Since I’ve retired, I start off each morning by doing the same thing—reporting to the Northwest Florida Daily News that we haven’t received our newspaper. You may think this activity a bit odd, and I suppose you would be right. But I am at my wit’s end with this problem and I have a lot of time on my hands.

Let me start out by saying that last year, when our newspaper subscription came due and we found the rate had increased to over $500 a year, we decided not to renew the paper. Since our local paper was bought out by USA Today, the content has become unsatisfactory, to put it nicely. The paper gets thinner and thinner, and there is hardly any local news, anymore. Plus, we were being charged extra for “special sections,” like the best restaurants in Florida—none of which are anywhere near Valparaiso. (Why do I care about a great restaurant in Fort Myers?) When we opted not to renew our subscription, a customer service representative called to ask why. Hubby told them the price was way too much for the value of the product, not to mention the biased content and being charged for “special sections” that we didn’t want. The representative immediately offered us a “deal” for less than half of what they had billed us for to renew. Although the whole idea went against my ethical nature (soak the suckers who will fork out over $500 without complaining, but drop the price if the squeaky wheel squeaks), we agreed. After all, I needed bird cage liner.

So began the last year of hit-or-miss deliveries. At least once or twice a week, we missed a delivery. (Not to mention that Saturday’s edition was now online only.) Sorry, but online doesn’t cut it. Sitting at the computer reading the paper is work. Sitting at the breakfast table turning the pages is relaxation. Besides, it’s difficult to do the crossword puzzles online. And difficult to use the online edition for bird cage liner.

Then, for the last several weeks, we have had no delivery at all. I repeatedly called to register the complaint and was routed to an automated service to “press one” for this or that, while being assured “my call was very important to them and may be recorded for quality assurance.” What recording? I could never get through to a live person. Finally, I must have accidently pressed an unintended button and my call was answered by someone in a basement in India. (Okay, I later learned it was the customer service center in Columbia.) India, Columbia, whatever. The person who I could barely understand blew me off with an apology and assured me the problem would be fixed. I called the customer service center for the next several days, always with the same platitudes and always with the same results. In other words, nothing. One of the representatives told me the delivery was late due to weather. How she knew what the weather was like in Valparaiso, Florida (which was nice, BTW), I have no idea. Surprisingly, my late paper never arrived.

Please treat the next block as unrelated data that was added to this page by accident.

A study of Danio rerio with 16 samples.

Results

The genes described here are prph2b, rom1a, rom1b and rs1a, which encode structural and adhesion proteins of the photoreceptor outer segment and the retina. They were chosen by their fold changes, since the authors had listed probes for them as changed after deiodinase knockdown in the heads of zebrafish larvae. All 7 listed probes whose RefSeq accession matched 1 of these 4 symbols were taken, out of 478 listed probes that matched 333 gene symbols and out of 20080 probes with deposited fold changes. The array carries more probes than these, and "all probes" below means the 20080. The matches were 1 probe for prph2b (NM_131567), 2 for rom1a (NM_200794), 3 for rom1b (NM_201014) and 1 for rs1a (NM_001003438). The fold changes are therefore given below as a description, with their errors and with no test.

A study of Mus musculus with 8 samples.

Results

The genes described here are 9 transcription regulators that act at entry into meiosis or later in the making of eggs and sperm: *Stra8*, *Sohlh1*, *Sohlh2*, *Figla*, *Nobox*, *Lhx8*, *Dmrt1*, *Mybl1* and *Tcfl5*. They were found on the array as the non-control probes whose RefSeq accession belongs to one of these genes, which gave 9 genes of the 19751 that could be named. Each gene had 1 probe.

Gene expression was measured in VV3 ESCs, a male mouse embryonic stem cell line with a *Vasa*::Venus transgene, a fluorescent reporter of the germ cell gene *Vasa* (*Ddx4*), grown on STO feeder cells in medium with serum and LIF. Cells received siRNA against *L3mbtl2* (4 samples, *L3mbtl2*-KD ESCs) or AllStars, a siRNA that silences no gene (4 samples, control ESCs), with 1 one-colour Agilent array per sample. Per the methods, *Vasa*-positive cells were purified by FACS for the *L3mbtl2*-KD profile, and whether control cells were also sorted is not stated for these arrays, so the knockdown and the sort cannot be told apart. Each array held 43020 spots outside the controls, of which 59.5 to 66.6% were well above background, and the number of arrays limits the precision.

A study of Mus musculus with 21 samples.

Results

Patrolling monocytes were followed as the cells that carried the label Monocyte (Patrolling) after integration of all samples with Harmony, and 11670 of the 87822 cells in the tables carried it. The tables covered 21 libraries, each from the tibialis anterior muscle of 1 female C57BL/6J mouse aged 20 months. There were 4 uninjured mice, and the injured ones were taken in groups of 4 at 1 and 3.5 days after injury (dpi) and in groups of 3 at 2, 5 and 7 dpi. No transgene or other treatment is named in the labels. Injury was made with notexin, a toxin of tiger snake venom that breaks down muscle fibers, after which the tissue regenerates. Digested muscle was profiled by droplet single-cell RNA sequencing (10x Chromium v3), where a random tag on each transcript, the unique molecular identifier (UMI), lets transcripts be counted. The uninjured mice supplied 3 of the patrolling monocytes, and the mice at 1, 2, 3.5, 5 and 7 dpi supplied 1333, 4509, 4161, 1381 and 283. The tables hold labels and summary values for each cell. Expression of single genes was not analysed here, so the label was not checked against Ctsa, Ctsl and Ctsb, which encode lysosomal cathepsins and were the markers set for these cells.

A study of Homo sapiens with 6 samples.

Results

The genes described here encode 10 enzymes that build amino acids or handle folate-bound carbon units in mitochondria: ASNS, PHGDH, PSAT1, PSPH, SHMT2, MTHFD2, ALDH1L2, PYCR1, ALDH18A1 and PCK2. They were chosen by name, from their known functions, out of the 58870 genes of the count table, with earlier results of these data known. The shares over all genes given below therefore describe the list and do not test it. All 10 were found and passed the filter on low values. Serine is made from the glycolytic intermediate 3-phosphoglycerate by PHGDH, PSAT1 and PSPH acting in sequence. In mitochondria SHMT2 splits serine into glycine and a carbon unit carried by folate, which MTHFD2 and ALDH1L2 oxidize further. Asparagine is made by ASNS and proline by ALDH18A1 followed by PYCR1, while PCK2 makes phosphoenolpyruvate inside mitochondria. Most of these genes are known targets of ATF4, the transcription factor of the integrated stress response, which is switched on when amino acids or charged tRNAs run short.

At my wit’s end, I called Columbia once more and told the “customer service representative” to cancel my subscription and refund the money for my unused subscription. She told me she would cancel my subscription, but it was not their “policy” to issue refunds. It was then that my religion went out the window. I told her I didn’t intend to pay for a service I didn’t receive and asked to speak to her supervisor. She told me the supervisor would tell me the same thing. I said I didn’t care. I wanted to hear it from her supervisor. She told me the supervisor was “busy.” We went round and round. She finally put me on hold (three times) while she supposedly talked to her supervisor. Eventually, she came back and said she would cancel my subscription and credit my Discovery. (Yes, she said Discovery.) I asked her why the problem had not been resolved in the first place, and she told me she didn’t know, as she was in Columbia. I asked if there was anyone in the U.S. I could talk to. She said no. (Some customer service!)

At this point, I knew what to expect and was not disappointed. In other words, nothing. My subscription has not been cancelled, nor have I received a credit on my “Discovery.” I found a place where I could register a complaint online and will probably need to get a new keyboard, as my angry fingers burned up the keys. I received a standard “we are sorry for your inconvenience and are working to resolve the problem,” blow me off response.

So, here I am. Every morning I call to report the missed delivery to the automated system which assures me they are sorry for the inconvenience, will register the complaint, and extend my subscription. Every day, when I go online to see when my subscription expires, it has not been extended. SIGH. At least this aggravation gives me something productive to do in the morning. But I am about out of old newspaper to line my bird cage. I don’t know what my poor bird is going to do.